My mind travelled back to the dreary sands of the West Indian Islands as I read through the interesting narrative of the life of olaudah equiano, or gustavus vassa, the african. The scorching sun and brutal masters…
Your pardoning mind astonishes me when you absolve those brutal masters, attributing all their unimaginable brutality to the customary ways of slave-trade. I just cannot afford to forget and forgive those afflictions; but when you say that, I too feel like agreeing with you: “had the pursuits of those men been different, they might have been as generous, as tender-hearted and just, as they are unfeeling, rapacious and cruel”. Those benumbed hearts perpetrated the pestilence of slavery, tainting God’s original designs for equality and independence.
Yes it was the avarice of the planters and the slave traders that debauched them to the indescribable cruelties and inhumanity they practiced. It is true as you said, they were NOT ‘born worse than other men—No; it is the fatality of this mistaken avarice, that it corrupts the milk of human kindness and turns it into gall’.
How many times have we reproached our fate, and wished we had never been born, and we called on death to relieve us from the dreaded horrors! How much we wished to be born in a place ‘Where slaves are free, and men oppress no more’. Times when we were being sold from lord to lord; from misery to greater misery; bound with chains, mangled and torn! How often have we called out to our old Pagan gods to send thunder and lightning and destroy those cruel masters who meted out contempt and cruelty to us, as if we were lesser than animals?
Who taught us that trials and tribulations were God’s ways of imparting wisdom, resignation and strength to our minds? Who
Just as my friend Equiano had his name changed, so was I and even after my freedom, I am still being called by my baptismal name, John Stuart. Indeed the atrocities being committed to my friend Equiano are vividly being played in my mind since I am also a victim.
Their pieces of work prove not only entertaining, but also showed concern for the daily activities of the people. Olaudah Equiano addresses the issue of slavery in country United States. This was the time when slave trade was at its peak. Slavery rested upon a basic contradiction.
His autobiography serves as a narrative for deconstructing the horrors of slave trade, while also being one of the major influences in the enactment of the Slave Trade Act; in the year 1807. According to the accounts given by him, he was born in the year 1745 to the Igbo tribe, in the area that is now identified as Nigeria.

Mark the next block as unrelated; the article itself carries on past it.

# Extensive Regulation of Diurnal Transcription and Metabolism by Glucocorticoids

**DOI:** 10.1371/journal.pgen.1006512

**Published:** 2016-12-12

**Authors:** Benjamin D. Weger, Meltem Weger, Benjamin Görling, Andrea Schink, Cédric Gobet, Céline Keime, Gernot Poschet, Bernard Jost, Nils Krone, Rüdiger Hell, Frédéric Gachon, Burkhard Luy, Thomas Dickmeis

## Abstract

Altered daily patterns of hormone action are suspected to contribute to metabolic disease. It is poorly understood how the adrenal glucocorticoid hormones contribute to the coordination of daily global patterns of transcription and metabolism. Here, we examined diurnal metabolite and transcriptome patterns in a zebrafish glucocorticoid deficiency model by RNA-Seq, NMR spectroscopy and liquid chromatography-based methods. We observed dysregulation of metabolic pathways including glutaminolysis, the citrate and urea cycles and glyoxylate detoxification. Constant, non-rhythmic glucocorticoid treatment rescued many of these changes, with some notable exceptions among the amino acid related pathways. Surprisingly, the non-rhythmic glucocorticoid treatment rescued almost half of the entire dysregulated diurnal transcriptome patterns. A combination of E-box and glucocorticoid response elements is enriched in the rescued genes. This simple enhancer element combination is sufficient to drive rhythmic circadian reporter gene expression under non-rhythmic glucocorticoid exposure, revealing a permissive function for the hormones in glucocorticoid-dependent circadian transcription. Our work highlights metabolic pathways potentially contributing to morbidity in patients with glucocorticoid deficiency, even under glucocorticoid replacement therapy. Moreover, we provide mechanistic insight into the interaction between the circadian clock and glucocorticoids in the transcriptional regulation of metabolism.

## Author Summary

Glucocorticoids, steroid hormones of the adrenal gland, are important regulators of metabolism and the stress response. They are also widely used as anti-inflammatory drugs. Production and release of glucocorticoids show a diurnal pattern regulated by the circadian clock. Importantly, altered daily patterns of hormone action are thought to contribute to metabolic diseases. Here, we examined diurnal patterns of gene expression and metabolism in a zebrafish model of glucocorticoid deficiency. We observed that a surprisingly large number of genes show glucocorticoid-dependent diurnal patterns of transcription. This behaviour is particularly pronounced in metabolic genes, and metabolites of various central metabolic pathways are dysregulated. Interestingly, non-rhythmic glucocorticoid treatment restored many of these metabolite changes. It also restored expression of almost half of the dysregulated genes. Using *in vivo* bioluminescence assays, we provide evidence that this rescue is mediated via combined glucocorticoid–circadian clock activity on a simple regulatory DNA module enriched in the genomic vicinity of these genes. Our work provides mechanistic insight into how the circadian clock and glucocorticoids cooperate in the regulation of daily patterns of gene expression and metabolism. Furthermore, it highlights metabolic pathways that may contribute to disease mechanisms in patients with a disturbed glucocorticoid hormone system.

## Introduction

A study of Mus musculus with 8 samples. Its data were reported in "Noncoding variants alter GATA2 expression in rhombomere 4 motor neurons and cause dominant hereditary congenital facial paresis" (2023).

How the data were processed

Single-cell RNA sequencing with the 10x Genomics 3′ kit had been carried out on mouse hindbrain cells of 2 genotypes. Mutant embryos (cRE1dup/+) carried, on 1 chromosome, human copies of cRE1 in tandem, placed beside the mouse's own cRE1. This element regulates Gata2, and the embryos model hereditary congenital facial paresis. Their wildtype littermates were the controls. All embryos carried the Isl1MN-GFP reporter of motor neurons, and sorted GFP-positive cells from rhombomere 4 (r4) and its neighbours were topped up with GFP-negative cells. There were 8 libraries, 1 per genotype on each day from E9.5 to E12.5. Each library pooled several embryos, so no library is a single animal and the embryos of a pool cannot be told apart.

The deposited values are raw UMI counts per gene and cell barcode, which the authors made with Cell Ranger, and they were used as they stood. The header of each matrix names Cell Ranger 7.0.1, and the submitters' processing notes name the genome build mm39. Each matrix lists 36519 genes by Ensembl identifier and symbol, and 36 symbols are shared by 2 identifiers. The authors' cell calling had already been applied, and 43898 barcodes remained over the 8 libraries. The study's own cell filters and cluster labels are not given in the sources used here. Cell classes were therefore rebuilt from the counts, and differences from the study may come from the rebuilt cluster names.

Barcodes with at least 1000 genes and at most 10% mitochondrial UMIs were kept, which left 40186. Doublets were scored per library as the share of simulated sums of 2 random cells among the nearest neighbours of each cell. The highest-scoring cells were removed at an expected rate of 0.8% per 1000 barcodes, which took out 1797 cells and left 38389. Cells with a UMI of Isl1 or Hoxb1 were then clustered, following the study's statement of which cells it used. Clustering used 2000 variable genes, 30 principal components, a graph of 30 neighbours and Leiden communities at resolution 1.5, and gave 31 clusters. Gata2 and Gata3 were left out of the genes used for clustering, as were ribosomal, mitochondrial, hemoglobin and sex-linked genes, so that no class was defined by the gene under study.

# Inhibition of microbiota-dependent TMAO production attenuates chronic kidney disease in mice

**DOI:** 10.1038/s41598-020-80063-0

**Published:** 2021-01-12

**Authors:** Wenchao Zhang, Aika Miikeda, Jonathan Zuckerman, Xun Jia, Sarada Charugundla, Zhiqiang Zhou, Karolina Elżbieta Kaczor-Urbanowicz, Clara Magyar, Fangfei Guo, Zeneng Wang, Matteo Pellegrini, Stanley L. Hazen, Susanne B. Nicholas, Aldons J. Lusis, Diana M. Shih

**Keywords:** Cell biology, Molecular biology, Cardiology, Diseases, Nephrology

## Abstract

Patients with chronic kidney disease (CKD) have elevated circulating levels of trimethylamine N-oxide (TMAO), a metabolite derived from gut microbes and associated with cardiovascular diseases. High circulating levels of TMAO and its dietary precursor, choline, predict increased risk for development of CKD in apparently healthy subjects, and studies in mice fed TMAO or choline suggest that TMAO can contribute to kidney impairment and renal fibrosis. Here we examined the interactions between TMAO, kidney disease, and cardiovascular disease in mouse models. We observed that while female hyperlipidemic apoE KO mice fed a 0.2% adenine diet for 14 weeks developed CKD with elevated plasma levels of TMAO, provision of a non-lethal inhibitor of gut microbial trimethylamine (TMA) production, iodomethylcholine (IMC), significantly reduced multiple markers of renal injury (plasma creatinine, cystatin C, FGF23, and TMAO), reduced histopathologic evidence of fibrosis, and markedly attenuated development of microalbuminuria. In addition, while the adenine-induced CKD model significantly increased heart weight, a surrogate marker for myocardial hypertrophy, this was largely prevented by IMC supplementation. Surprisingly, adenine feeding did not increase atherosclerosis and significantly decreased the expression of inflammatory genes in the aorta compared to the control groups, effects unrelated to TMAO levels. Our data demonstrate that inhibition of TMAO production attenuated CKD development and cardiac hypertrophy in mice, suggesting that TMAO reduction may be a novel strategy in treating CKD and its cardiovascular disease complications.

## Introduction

Among the vital literary elements present in the narrative, timing, setting, and order are of the essence as Montresor could not afford to fail in his schemes of exacting revenge against Fortunato. In a way, I find Poe’s creation of “The Cask of Amontillado” quite unique and interesting in the sense that he managed to have furnished Montresor with a character of intelligence and clever wickedness yet leaves the reading audience the critical thought of his pride and reason.
Notably, there exists a significant difference between the life of equine and that of other slaves. As opposed to other slaves, Equaino came from a loyal background as a son of a senior chief in Nigeria. Equaino’s father had numerous slaves under him and even these slaves were allowed to have slaves by themselves.
The autobiography is undoubtedly an abolitionist discourse of a freed black man who had undergone atrocious enslavement. Equiano sets his motive straight in the first pages of his narrative:In that passage, he subtly introduced that slavery is inhumane.
As an anti-slavery activist, he wrote a powerful autobiography, The Interesting Narrative of the Life of Olaudah Equiano, which became a best seller in the changing atmosphere. It is a moving story, a dreadful account of human brutality on simple, powerless people, who had no strength to retaliate against merciless economic and military power.
The fact that “The slave system was one of the principal engines of the new nation's financial independence” (The Drop Squad History Channel), is the principal reason for the Trans-Atlantic slave trade. Africa is the source of cheap labor.